The Cloud's No Longer a Fad—It's Become a Mainstream Tool For Business

By Phil Rainsberger

After years of relentless hype, misinformed speculation, and often-empty promises, cloud computing has arrived as a fully credible and highly capable foundation for business innovation and digital opportunity.

From the world's largest global corporations to mid-sized businesses and even small companies, business leaders across every industry are placing their full faith and confidence in the cloud as a highly dependable and secure IT approach that will let them:

  • lower their overall IT costs, 

  • spend more money on customer-oriented growth initiatives and less on endless and expensive integration and patching and testing,

  • get out of the "IT factory" business,

  • provide modern and easy-to-use tools that make sales teams more successful, and

  • begin moving strategically into the realm of digital transformation.

And from the highly respected tech-industry research firm IDC, here are some specific numbers to demonstrate how broadly and how deeply cloud computing has moved into the business world, according to a recent news story from

In the first half of 2017, businesses around the world spent $63.3 billion on public cloud services. That's more than $10 billion per month and about $2.4 billion per week throughout the first half of this year. And that's up by a whopping 28% over the $49.2 billion spent on public cloud services in the first half of 2016, according to IDC.

Within that $63.3 billion, the applications segment of the cloud—called SaaS or Software as a Service—accounted for $43.4 billion of that total. The SaaS category represents the business applications that automate many of the operations and processes for companies, so clearly business leaders are showing huge levels of trust in the ability of the cloud to handle these mission-critical workloads.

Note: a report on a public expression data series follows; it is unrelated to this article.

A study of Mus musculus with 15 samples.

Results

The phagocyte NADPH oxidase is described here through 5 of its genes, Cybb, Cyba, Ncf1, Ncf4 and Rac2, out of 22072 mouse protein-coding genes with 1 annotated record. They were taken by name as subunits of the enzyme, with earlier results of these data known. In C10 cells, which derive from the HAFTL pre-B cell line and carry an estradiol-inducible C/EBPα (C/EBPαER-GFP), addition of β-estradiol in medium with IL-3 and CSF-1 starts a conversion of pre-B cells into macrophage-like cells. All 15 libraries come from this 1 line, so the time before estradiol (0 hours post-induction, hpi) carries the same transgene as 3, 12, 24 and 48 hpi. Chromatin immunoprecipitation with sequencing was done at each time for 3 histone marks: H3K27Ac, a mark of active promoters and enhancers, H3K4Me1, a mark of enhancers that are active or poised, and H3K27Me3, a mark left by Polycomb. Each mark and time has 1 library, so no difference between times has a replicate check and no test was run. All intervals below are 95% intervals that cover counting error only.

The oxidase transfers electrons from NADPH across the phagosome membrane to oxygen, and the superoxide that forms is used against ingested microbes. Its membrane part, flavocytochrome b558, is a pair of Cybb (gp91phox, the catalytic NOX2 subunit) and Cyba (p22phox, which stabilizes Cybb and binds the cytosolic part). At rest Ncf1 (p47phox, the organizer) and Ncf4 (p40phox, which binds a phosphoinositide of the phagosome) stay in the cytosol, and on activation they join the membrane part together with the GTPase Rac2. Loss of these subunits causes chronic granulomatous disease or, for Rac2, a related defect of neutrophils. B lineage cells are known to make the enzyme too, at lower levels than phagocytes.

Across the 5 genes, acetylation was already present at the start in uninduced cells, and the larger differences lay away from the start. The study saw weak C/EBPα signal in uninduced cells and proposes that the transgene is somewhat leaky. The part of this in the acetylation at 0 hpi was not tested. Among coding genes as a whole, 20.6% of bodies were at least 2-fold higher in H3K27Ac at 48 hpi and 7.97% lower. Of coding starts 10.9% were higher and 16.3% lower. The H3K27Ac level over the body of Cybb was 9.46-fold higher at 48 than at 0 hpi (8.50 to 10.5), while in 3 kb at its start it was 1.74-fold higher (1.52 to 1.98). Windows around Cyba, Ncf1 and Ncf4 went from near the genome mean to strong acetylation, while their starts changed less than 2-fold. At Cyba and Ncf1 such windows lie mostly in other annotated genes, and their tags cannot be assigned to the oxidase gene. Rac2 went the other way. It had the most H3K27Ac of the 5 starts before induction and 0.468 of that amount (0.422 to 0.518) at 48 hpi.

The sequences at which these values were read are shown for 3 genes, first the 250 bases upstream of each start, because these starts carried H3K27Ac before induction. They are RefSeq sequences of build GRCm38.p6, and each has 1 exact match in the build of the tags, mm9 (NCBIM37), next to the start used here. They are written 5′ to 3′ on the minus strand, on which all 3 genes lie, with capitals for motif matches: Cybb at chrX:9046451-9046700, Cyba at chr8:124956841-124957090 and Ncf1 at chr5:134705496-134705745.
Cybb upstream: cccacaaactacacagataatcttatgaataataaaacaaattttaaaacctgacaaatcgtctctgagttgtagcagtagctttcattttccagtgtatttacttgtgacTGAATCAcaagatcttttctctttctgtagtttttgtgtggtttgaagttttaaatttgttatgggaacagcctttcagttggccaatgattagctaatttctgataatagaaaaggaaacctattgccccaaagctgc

The biggest shift in this SaaS—or applications—segment is that executives are putting increasingly greater levels of trust in having these business-critical applications delivered through the cloud.

IDC vice president Eric Newmark described it this way in the ComputerWeekly article: “Many companies have picked the low-hanging fruit, in terms of apps that could be easily moved to the cloud, and are now evaluating the migration of their next set of larger strategic systems such as ERP (enterprise resource planning), supply-chain applications, and so on, to a SaaS model."

The other two layers of the cloud—IaaS, or Infrastructure as a Service, and PaaS, or Platform as a Service—deliver the hardware and highly technical software that manage the applications. IDC said that in the first half of 2017, the IaaS slice of the cloud accounted for $11.2 billion of the total public-cloud market, while PaaS came in at $8.6 billion, according to the article.

IDC senior vice-president and chief analyst Frank Gens said cloud adoption is becoming the major factor in separating businesses into what could be described as the "digital haves" versus the "digital have-nots."

“Public cloud adoption is accelerating in large part as enterprises recognize that the cloud has become the launchpad for virtually every new IT innovation in the past 24 months – including AI, blockchain, quantum computing and more," Gens is quoted as saying in the article.

And Gens offers a stark warning to businesses that remain uncommitted to the cloud: "Organizations not on the public cloud will be increasingly isolated from the world of tech innovation.”

In a world that's moving faster all the time, with customers becoming more demanding and businesses needing to move at the speed of those customers, the cloud is becoming an indispensable of modern business strategy and operations.

So if you haven't yet committed to the cloud, the time is now.